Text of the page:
I realised that after talking about it for a long time, I haven’t actually recorded what I found and summarised my thoughts.
I enjoyed researching this subject immensely and found myself getting deep into the area, I would not have anticipated the conclusions I now draw.
When I reflected on my process, I realised that it resembled a tree, I started off with a trunk with one question on. I divided it into two – subversion and creativity, neither of which I knew much about, my aim was to understand these two areas fully, before I could then see where one influenced the other. Each time I read a book, article or found an artist, the topic branched, one idea led to another, until I had numerous ‘leaves’.
At first I concentrated on subversion, a subject I had not thought about before. I read from books, looked at articles online and researched many artists. I could have done several talks just about them but sadly there was not time. Picasso, Georgia O’Keeffe, Francesca Woodman, Banksy, Jann Haworth, Martha Rosler – there is an endless list of artists who subverted the politics of the day or peoples’ thoughts and opinions.
Researching Banksy was especially interesting as I thought I knew his work but discovered that he has been responsible for so much more than I realised. What I like about his work is the intelligence with which it is staged – it is always carefully planned, perfectly placed and always challenges some belief or opinion whilst maintaining a healthy sense of humour about serious subjects.
Subversion can be bold and obvious or extremely subtle. It is a form of rebellion, kicking back against the status quo.
I read about the Trickster character in mythology and felt that, this eternal character, was part of our makeup, and the source of subversion. Tricksters are dangerous, have no respect for authority or the rules. They mess things up and this is how society progresses and moves forward.
During the time of doing the research I wanted to do something ‘subversive’ myself. Initially I felt that being subversive meant being somewhat offensive (often just for the sake of it) and since that isn’t really ‘me’ I did think of being overly polite as a subversion of subversion! I thought about having t-shirts made with things like “Thank you very much” and “No, after you!” or perhaps “Yes please” on them but firstly I found upon doing some research that you can already get t-shirts that say such things and secondly, some phrases may still have been misconstrued as sexual, which was not my aim. I then considered my existing art practice which is somewhat subversive already – to accepted watercolour painting techniques anyway – as I paint with watercolour neat from the tube directly onto the paper, using a cut down DIY paintbrush from B&Q.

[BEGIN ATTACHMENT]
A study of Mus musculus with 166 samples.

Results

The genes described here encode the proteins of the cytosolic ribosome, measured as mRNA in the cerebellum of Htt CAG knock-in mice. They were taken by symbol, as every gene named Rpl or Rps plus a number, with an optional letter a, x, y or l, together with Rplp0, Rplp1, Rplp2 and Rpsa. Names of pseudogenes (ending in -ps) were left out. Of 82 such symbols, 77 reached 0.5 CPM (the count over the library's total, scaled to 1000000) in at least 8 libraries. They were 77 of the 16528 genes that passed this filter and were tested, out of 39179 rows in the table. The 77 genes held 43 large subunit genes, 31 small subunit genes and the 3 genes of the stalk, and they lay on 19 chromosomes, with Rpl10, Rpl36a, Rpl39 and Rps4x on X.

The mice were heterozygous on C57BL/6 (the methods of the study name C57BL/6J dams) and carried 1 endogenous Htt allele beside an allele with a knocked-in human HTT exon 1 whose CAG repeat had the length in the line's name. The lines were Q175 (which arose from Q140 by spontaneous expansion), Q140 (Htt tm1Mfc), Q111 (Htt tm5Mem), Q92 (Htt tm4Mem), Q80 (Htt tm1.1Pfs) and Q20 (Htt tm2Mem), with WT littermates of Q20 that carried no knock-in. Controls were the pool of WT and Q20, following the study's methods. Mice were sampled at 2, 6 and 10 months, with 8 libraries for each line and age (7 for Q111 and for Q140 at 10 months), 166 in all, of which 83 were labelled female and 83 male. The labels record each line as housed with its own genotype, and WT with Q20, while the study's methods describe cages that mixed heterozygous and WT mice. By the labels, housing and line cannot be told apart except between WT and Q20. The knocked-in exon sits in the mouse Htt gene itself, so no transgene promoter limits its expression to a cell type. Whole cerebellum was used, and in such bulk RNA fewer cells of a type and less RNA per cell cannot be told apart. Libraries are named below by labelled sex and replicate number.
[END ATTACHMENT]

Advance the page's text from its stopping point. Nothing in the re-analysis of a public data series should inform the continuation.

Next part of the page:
I started to look at creativity and the information I found was fascinating. At the start of this, I would have assumed that being creative was genetic – I come from a creative family for instance, my great-grandparents, great-aunt, aunt, father and two cousins are/were all artists. It seems that there is a small genetic component, but the story is much more complex. Creativity it seems is not a ‘thing’ it’s a process that is multifaceted, and combined with a selection of character traits, personal histories and a bit of luck will manifest itself as creative. Perhaps creativity seems to run in families because the particular character traits that it requires are encouraged within families, skills are also learnt at your parents knee which combine to make being creative seem a desirable use of time.
I am always interested in psychology and wanted to look into where certain creative and subversive traits come from. I am familiar with Eric Berne’s Transactional Analysis (TA) model of ego states and I propose that the free child described in TA is the same as Trickster described in mythology and by Jung as an archetype. I believe that this is the source of creativity.
It was fascinating to bring these threads together and show how certain traits may be influenced by our ego state, our very early upbringing and our later childhood experiences (which shape us emotionally). All of this is conjecture of course but I have discussed it with a psychotherapist who feels it is a reasonable conclusion to draw. Regarding creativity being genetic, it has long been believed that psychological issues and behaviours are passed from parent to child (subconsciously) and so, if some degree of emotional impact is necessary for creativity to flourish (Grayson Perry certainly feels it is – Reith Lectures 2013), then this will also be replicated down generations, albeit being diluted and changed by each one.
Having done a great deal of reading and research, I mapped out what I had learnt and from that my conclusions were fairly straightforward. Subversion is so closely linked with creativity as to be indistinguishable from it, but it is possible to be creative without being subversive. However, creativity without a point to make could be considered, well, pointless and I would argue that subversion gives creativity its purpose, its energy and drive.
Is there any great art work that is not subversive?